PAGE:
The Expert: Ellen Stein, Ph.D., a San Diego-based forensic psychologist, testifying for the plaintiff and providing her opinion on plaintiff’s psychological issues and appropriate treatment
In a case that examines how a dependent personality, cultural impediments, anxiety disorder, and strained work relationships interact with the consequences of a child’s illness and perceptions of mistreatment, Ellen Stein, Ph. D., a clinical and forensic psychologist, demonstrates mastery of her field as well as the courtroom.
Testifying for the plaintiff in Gonzalez v. Kaiser Foundation Health Plan, Stein concludes that the woman who lost her job at Kaiser would require long-term therapy, and would never totally recover from the psychological damage that resulted from the conflict that led to her job termination.
Maria Gonzalez was discharged from her position with Kaiser. She sued for disability discrimination, claiming she was fired so Kaiser could avoid paying for her son’s expensive kidney treatments. Kaiser claimed that she was discharged for improperly accessing her son’s medical records.
Starting with her elucidation of the effects of an anxiety disorder and how that hinders even daily activities, Stein describes a person who whose constant tension interfered with efforts to think, concentrate, make decisions, and interact with others. These things would not have presented a problem but for the excessive anxiety.
A patient’s refusal of therapy might ordinarily be a detriment to a plaintiff’s claim, but here the expert says such a refusal was warranted. Since all treatments were being handled by Kaiser, group therapy would expose her in her employment setting to a vulnerable process that could not guarantee confidentiality. She would also be exposed to judgment by others in the group when she was already sensitive about judgment issues from her previous individual psychological treatment at Kaiser. Stein supports the plaintiff in her refusal to join group therapy.
The psychologist reports that, despite the patient being treated prior to her own examination with psychiatric medications and individual therapy, her testing indicated that Gonzalez was “still impacted by a mood disorder which was as yet untreated or unresolved.” Going further, the psychologist states she believes that, despite previous treatment, it appears that “we might be beginning treatment from the very start at that point.” She anticipates two years of psychotropic drugs and psychological therapy would be needed.
Stein then turns to explain how certain cultures traditionally try to avoid, stigmatize, and underutilize psychological treatment. In this case, Gonzalez’s background made her especially sensitive to being judged or evaluated even by a professional, and led to a reluctance to “open up” and trust a health care provider to form a “therapeutic alliance.” In this regard, the psychologist surprisingly feels that a marriage and family therapist would probably be the best type of therapist for this case. She explains that this patient was essentially interacting with two families, her biological family and her family of coworkers at her place of employment. Therefore, even though she, as a clinical psychologist, is well-qualified to treat her, the use of a family therapist might be a better choice.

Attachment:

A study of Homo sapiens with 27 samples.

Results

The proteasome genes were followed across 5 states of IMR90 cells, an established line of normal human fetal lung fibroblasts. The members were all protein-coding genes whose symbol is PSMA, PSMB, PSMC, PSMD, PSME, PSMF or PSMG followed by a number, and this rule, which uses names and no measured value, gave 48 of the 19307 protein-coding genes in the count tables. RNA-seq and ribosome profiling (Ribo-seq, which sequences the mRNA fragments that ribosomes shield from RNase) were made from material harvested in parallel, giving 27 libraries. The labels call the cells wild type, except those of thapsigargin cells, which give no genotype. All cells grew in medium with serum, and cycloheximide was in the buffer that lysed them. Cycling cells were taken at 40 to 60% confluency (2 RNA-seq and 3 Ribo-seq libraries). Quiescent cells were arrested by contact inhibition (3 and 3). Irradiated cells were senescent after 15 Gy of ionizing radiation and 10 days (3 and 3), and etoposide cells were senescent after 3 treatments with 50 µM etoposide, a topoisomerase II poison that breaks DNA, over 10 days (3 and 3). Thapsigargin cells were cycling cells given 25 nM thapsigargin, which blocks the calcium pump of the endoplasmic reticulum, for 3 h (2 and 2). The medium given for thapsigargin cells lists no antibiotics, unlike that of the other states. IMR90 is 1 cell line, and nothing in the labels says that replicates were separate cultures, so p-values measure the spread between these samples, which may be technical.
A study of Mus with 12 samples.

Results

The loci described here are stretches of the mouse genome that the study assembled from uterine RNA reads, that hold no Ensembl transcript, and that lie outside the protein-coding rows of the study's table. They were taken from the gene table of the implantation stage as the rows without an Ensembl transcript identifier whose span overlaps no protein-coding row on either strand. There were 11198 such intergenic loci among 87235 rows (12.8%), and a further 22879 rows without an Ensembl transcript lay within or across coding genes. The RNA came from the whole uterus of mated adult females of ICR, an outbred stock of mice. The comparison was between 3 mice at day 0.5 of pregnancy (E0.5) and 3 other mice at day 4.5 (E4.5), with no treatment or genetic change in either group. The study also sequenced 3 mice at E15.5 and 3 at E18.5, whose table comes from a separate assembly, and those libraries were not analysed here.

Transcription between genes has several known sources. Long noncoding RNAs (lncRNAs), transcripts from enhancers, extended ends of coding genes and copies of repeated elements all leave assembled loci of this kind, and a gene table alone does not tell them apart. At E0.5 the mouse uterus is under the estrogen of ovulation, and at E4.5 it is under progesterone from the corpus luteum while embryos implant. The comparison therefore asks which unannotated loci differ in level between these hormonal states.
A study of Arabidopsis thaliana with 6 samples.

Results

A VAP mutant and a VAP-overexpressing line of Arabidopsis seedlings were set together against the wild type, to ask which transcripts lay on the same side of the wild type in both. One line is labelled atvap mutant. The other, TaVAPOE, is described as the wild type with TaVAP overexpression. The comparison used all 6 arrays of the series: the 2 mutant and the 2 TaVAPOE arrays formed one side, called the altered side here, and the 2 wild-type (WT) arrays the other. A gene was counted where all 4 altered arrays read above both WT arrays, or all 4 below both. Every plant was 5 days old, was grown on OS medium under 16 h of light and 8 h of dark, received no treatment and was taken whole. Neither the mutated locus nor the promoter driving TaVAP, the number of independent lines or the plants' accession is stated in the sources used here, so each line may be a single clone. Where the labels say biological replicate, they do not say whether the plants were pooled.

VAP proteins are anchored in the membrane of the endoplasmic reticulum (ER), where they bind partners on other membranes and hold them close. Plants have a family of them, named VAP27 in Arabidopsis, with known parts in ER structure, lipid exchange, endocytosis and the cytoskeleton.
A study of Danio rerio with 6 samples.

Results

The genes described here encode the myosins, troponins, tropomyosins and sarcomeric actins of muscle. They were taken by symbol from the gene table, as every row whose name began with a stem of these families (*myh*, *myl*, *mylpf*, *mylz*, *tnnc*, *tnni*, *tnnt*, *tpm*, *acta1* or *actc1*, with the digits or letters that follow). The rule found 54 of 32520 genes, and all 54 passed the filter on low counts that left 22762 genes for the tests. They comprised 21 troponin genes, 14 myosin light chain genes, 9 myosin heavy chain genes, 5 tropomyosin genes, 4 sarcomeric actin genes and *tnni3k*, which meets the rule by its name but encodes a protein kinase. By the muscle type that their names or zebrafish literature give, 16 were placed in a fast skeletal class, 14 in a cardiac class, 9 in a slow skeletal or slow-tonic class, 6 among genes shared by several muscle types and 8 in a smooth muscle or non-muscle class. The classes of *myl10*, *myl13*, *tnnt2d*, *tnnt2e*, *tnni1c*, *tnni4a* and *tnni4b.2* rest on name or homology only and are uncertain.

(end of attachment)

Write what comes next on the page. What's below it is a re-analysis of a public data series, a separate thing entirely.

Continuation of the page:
The plaintiff was unhappy with the treatment and progress of her son who had a kidney ailment. This treatment was provided by Kaiser and her distress over this interfered with her relationship with her coworkers at Kaiser, her second family. The psychologist explains that, in dealing with this conflict, the patient would be expected to withdraw from one family, (coworkers) as she tried to protect the other (her son), leading her to be “upset, distressed and dramatic in her reaction,” thus leading to her anxiety disorder.
With a slight, but unhesitant jab at one of Gonzalez’s treating professionals, Stein testifies that the patient should have been seen more often, and also recommends a change in the medications that were prescribed, since there had been so little progress in her treatment. Regardless, even with more appropriate treatment, she cannot be “cured.” The dependent personality disorder is an ongoing diagnosis and can only be managed. The dysthymia and anxiety disorder, on the other hand, could be minimized with appropriate care.
People gain their identity from their job, Stein tells jurors, and those who have psychological disorders like the plaintiff will feel the loss of her employment more intensely than others if that employment cannot be replaced. She “has a need for affiliation” due to her dependent personality disorder, and it is important for her to have “sustainable employment.” This is crucial for her internal stability. When Kaiser fired her, that loss of stability created anxieties and made the dependency worse.
The expert finally discusses the definition of malingering and reminds the court that, when she examined the plaintiff, standard “validity indices” were utilized and these “did not show malingering.”
Stein’s calm demeanor, even-tempered answers, and command of her field certainly supported the verdict in the plaintiff’s favor, and her testimony was sure to have boosted the judgment to just under half a million dollars.
Gary Gansar, MD, is residency-trained in general surgery. He served as Chief of Surgery and Staff at Elmwood Medical Center and on the Medical Executive Committee at Touro Infirmary and Mercy Hospital in New Orleans, LA. Dr. Gansar was Board Certified in general surgery while in active practice. He joined AMFS in 2015 as a Physician Medical Director.